Nine years later, murderer still at large
They were an unlikely group. Three men, two middle-aged, and one approaching his 70s, in a rented motor home. No one can be sure about how or why their journey began, but it ended with one man dead, one either so ridden with guilt or fear that he turned himself in, and another hunted by police.
It was probably drugs that drew 43-year-old Terry Pappageorge into Paul Harmon’s web of influence. There were rumors that Harmon, 48, was involved in organized crime. After his disappearance, investigators found the remains of a methamphetamine lab on Harmon’s 39-acre ranch outside of Bakersfield. But John Fannon made an unlikely addition to the group. At 68, Fannon a resident of Winchester, a small rural town in northern Virginia, didn’t fit the image of a meth junkie. What kept him tied to Harmon isn’t clear.
Douglas County Sheriff’s detectives would eventually painstaking piece together the moments of the three men’s deadly association in October of 1990.
They probably didn’t plan to stop long in Lake Tahoe, but fate sometimes throws unexpected twists.
When the motor home broke down in Strawberry, their plans changed. They rented a Cadillac and a cabin at Zephyr Cove Lodge to hold them over while they waited for repairs to be completed. What they did to pass the time is unknown. But one night in the cabin near the lake things went bad. A desk clerk later told investigators that Pappageorge was “acting nervous” that weekend. Fannon told investigators that Harmon, possibly angry over a drug debt, stabbed Pappageorge repeatedly until the Aurora, Colo. man was dead. No one heard the struggle and Fannon just stood by and watched. The coroner’s report stated Pappageorge suffered more than 20 stab wounds.
After the heat of the moment was over, Harmon and Fannon were unsure of what to do with the body. They thought of several plans and discarded them, but in the process they left clues behind.
They went to Glenbrook, possibly looking for a place to dump the body, and Fannon gave his name at the front gate. They bought a rubber raft, weights and an outboard motor at the Outdoorsman, now Longs Drugs, again Fannon’s name was used. All this took time. When the two men rented a U-Haul, and in the early morning hours of Oct. 14, loaded it with the raft, motor, weights, and Pappageorge’s body, it had been several days since the murder.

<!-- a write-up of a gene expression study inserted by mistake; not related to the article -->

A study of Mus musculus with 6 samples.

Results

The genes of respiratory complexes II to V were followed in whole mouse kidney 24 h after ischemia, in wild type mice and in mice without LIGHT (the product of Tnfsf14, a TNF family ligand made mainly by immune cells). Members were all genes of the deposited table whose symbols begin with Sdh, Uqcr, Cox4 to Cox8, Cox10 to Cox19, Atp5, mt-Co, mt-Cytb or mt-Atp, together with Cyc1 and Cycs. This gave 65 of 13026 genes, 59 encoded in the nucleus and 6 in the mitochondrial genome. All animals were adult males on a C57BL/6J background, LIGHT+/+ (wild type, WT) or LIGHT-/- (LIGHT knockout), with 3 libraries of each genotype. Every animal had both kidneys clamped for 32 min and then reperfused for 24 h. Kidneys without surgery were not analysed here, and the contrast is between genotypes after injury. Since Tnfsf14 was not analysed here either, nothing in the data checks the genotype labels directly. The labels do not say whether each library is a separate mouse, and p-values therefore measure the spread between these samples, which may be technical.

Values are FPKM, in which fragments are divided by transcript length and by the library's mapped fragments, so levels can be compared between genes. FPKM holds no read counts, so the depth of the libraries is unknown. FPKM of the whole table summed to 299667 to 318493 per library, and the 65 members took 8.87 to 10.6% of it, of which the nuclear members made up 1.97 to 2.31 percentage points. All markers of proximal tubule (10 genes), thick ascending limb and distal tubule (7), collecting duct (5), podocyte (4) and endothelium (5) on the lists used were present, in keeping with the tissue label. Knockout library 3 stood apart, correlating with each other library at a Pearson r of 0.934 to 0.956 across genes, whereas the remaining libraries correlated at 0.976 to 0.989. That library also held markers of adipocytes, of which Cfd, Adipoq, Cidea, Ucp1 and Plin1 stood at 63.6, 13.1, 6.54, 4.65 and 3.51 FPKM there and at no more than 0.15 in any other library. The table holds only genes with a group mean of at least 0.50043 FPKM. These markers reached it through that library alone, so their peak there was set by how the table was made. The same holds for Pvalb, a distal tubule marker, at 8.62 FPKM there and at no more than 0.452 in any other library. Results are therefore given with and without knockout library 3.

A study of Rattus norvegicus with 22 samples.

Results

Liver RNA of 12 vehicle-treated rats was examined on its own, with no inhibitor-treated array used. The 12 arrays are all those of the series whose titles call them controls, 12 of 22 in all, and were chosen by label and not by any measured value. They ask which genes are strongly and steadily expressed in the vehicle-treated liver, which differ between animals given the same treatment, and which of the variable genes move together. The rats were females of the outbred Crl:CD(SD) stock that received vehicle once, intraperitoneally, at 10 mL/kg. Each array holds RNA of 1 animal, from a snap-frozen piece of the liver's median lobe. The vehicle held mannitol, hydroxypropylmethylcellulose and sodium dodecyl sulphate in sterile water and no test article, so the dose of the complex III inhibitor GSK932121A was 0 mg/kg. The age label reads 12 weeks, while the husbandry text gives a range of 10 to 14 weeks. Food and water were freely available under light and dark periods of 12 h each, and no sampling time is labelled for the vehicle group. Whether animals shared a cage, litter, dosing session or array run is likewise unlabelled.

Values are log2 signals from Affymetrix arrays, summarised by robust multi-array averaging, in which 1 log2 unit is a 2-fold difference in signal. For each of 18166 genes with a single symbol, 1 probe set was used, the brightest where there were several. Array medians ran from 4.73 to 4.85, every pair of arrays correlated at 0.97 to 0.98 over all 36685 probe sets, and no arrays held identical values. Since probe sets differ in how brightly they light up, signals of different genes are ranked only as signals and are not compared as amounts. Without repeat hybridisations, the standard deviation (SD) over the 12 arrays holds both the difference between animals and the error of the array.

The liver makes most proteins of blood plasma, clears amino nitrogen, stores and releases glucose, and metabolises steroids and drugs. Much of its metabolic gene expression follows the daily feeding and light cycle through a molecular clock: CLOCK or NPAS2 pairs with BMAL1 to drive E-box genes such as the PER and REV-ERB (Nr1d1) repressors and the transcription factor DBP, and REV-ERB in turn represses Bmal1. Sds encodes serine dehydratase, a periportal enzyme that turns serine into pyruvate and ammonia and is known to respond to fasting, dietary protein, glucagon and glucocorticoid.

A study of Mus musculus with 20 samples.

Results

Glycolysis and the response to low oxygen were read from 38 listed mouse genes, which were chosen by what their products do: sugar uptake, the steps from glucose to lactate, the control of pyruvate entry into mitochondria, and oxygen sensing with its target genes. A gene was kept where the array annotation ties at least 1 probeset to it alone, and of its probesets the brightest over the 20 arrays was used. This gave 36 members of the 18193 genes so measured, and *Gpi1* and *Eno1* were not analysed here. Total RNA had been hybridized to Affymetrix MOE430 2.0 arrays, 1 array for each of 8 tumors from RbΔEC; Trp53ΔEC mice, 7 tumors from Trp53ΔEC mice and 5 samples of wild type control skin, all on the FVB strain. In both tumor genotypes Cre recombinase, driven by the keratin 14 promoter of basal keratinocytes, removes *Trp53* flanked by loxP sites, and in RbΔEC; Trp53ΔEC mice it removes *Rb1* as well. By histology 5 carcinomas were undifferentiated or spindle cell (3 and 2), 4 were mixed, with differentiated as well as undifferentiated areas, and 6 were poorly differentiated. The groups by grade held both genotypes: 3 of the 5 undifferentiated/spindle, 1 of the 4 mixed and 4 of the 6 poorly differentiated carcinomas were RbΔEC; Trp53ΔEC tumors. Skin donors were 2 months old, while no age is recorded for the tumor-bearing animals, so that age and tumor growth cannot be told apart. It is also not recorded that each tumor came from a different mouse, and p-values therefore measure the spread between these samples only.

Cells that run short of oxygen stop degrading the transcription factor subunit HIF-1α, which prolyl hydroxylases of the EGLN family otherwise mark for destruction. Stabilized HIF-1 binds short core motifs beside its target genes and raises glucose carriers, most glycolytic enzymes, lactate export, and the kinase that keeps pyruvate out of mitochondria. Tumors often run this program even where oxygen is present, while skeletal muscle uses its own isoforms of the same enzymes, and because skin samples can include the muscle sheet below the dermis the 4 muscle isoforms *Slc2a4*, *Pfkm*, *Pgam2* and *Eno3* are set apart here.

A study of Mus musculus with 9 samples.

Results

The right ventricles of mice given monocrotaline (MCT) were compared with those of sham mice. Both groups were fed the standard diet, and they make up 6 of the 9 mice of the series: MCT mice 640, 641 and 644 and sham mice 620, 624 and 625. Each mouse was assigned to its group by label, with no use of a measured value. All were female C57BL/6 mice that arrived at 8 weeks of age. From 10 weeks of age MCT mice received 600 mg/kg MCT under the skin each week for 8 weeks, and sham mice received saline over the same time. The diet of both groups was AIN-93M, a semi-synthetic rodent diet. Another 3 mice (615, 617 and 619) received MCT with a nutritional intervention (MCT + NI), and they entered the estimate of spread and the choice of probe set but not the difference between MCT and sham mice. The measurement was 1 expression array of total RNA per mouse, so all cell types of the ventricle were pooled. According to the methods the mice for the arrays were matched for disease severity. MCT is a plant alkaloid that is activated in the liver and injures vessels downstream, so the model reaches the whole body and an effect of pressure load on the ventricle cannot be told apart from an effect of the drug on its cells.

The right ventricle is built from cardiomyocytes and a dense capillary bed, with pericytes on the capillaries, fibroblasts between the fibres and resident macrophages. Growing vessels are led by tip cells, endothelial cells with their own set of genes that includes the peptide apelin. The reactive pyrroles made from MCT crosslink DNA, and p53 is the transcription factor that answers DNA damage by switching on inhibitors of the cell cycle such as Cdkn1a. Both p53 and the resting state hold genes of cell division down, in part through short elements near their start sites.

Investigators said the plan was for Harmon to take the raft and body out from the Camp Richardson dock while Fannon rented a powerboat from the opposite side of the lake. Halfway out Harmon’s motor stalled, forcing him to paddle back to shore. He made another attempt, this time making it three-quarters of a mile off shore.
It seemed simple. Harmon tied the weights to one of Pappageorge’s legs. He planned to cut the raft and let the body slip into the lake’s frigid waters. The evidence would be gone. But instead of the body, Harmon fell through the hole and in the process lost his glasses. After finally getting the body out, Harmon and Fannon made their escape to southeast shore of the lake in the rented powerboat. At the time no one at the marina found it strange that the boat went out with only one man and returned with two – one shivering and cold from an October dip in the lake. Later, when talking to investigators, they would remember and wonder.
The two men’s activities didn’t go totally unnoticed. A fisherman noticed them speeding away from the raft and moved in to investigate. Pappageorge’s body, now bloated with gases, was floating face down near the craft. The weights had succeeded in only pulling one leg under.
Harmon and Fannon got back in the motor home and drove to Carson City, leaving the vehicle across from a car lot. The Cadillac was found in the airport parking lot, where the two men abandoned it to take a flight to San Jose. Harmon’s trail dwindles at this point. His neighbors in Bakersfield never saw Harmon again after Oct. 18, four days after the body was discovered. Fannon surrendered, with a lawyer present, to federal agents in Reno a little more than a month later. At first he refused to talk to detectives, but eventually he turned state’s evidence on Harmon and pleaded to a reduced charge. Fannon served a short sentence, and investigators believe he is a free man and still living.
Despite intensive investigation by Douglas County Sheriff’s detectives and the FBI, Harmon, now 56, is still at large and facing a warrant charging unlawful flight to avoid prosecution and murder.